E-cigarette usage in teens has recently skyrocketed causing the Food and Drug Administration to deem it an epidemic. Products like the Juul are getting teens unnecessarily hooked on nicotine with their diverse flavors and sleek design. The habit is not only costly, but researchers fear it will lead to other forms of substance use. Luka Kinard, a 15-year-old from North Carolina, is just one of many kids to become hooked on the Juul, according to NBC News.
Like many of his friends, Luka picked up the habit of juuling and soon became addicted. He begun spending $150 week to sustain the addiction. It led him to go to great lengths to make enough money for the nicotine fix.
“I was selling my clothes,” Luka said. “I would get shoes, sell them, go out get cheap shoes, sell them. I was doing anything and everything to get money.”
Before long, his parents noticed a change in his behavior and a drastic change in his academic performance.
“He went from being a straight-A student to an F student,” Luka’s mother, Kelly Kinard, said. “(It was) a very rapid decline in grades. His behavior became explosive. He was very angry and it just wasn’t him.” The teen quit all of his old hobbies, from fishing to boy scouts, and spent all his free time in his room vaping.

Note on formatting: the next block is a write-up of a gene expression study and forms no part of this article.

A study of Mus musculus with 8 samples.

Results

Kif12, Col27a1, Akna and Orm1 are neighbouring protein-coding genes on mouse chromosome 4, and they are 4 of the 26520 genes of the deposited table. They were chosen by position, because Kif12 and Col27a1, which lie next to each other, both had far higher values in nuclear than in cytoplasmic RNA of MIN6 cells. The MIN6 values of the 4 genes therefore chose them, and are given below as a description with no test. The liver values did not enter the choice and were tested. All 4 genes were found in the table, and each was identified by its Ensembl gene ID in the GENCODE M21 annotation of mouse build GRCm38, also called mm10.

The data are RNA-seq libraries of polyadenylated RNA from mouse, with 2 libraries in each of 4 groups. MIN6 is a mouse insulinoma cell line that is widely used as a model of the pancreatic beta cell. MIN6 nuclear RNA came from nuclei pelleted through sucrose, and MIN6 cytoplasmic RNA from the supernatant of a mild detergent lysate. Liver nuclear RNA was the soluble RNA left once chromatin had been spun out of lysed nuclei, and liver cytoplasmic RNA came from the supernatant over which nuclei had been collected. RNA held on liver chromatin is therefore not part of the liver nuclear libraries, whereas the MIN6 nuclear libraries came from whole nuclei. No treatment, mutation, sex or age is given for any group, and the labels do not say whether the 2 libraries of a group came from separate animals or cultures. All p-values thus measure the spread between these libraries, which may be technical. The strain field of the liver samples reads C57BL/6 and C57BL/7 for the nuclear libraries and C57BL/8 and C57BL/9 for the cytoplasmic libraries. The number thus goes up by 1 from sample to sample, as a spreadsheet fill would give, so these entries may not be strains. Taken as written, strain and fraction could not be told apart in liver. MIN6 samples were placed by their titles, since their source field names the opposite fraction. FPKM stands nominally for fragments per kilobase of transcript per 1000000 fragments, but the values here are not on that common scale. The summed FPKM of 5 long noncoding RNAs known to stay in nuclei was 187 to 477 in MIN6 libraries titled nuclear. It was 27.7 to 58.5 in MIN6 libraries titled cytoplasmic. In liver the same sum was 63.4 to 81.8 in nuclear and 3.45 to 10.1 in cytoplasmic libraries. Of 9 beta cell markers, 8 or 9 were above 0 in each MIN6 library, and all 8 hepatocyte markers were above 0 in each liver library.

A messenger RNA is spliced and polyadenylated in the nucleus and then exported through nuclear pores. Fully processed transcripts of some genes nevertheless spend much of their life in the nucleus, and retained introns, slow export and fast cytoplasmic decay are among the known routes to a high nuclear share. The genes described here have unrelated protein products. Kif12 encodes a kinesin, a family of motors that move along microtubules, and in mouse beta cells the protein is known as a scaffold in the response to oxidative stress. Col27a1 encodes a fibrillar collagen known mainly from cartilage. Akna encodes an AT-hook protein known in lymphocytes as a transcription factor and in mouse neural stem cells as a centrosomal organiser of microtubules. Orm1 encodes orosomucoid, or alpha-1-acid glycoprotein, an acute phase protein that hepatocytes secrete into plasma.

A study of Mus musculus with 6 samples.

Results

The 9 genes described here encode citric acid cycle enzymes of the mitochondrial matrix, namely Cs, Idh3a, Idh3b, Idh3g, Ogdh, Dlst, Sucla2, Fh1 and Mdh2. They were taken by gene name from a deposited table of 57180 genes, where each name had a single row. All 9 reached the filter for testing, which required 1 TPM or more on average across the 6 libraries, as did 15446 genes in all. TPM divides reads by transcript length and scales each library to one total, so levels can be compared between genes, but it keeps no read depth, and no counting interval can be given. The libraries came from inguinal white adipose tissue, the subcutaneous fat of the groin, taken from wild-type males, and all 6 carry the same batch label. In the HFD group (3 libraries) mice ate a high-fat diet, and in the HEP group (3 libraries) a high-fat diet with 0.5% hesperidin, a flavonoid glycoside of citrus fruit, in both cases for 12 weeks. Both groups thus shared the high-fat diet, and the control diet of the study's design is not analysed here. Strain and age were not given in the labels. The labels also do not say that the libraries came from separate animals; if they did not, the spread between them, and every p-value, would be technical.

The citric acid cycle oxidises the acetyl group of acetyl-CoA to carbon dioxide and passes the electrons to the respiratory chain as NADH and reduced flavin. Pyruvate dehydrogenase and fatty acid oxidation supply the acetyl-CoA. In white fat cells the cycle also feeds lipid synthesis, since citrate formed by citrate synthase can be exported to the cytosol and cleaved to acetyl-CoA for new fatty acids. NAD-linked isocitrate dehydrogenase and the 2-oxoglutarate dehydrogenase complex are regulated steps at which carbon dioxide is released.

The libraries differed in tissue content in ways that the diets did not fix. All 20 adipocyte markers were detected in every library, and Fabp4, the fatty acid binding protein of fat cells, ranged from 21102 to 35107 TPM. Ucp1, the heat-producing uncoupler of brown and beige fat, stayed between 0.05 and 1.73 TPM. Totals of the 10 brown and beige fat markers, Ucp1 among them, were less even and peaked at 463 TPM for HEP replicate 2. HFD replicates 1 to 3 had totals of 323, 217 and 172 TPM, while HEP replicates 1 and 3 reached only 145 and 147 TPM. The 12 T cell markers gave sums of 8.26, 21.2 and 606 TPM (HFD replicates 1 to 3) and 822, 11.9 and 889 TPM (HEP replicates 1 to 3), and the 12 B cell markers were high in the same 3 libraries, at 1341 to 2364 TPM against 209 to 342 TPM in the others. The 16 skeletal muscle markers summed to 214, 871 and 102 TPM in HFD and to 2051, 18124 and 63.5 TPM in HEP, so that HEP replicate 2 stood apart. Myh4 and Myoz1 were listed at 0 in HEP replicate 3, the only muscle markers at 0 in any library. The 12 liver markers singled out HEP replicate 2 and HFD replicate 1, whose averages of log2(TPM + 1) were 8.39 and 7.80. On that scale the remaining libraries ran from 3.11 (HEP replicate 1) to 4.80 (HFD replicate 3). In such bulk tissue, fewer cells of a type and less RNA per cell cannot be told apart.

Parents please talk to your kids and teenagers about the dangers of vaping and Juuling. If you need more information or assistance please contact us at ACTION Coalition 727-0780. https://t.co/QuE7nDLuy8— ACTION Coalition (@ACTION_MtnCity) January 17, 2019
Luka craved the buzz that is much stronger than a normal cigarette and though he was going broke, he just couldn’t kick the habit on his own. The addiction caused him to have a seizure and he ended up in the emergency room. The medical scare was a turning point in his life. His parents reached out to a multitude of health professionals from neurologists to cardiologists about the issue, but came to the conclusion they already knew, the seizure was brought on by Luka’s excessive vaping.
“I found on the internet that it should be treated like a substance abuse issue. That helped when I called the insurance company and told them we need a referral for a substance abuse treatment,” his mother said. The teen was sent to an addiction rehabilitation program where it took 40 days for him to get over his addiction to nicotine. His parents said they saw an immediate change in their sons behavior since he stopped leaning on juuling. He was able to hold a conversation and returned to a healthy lifestyle.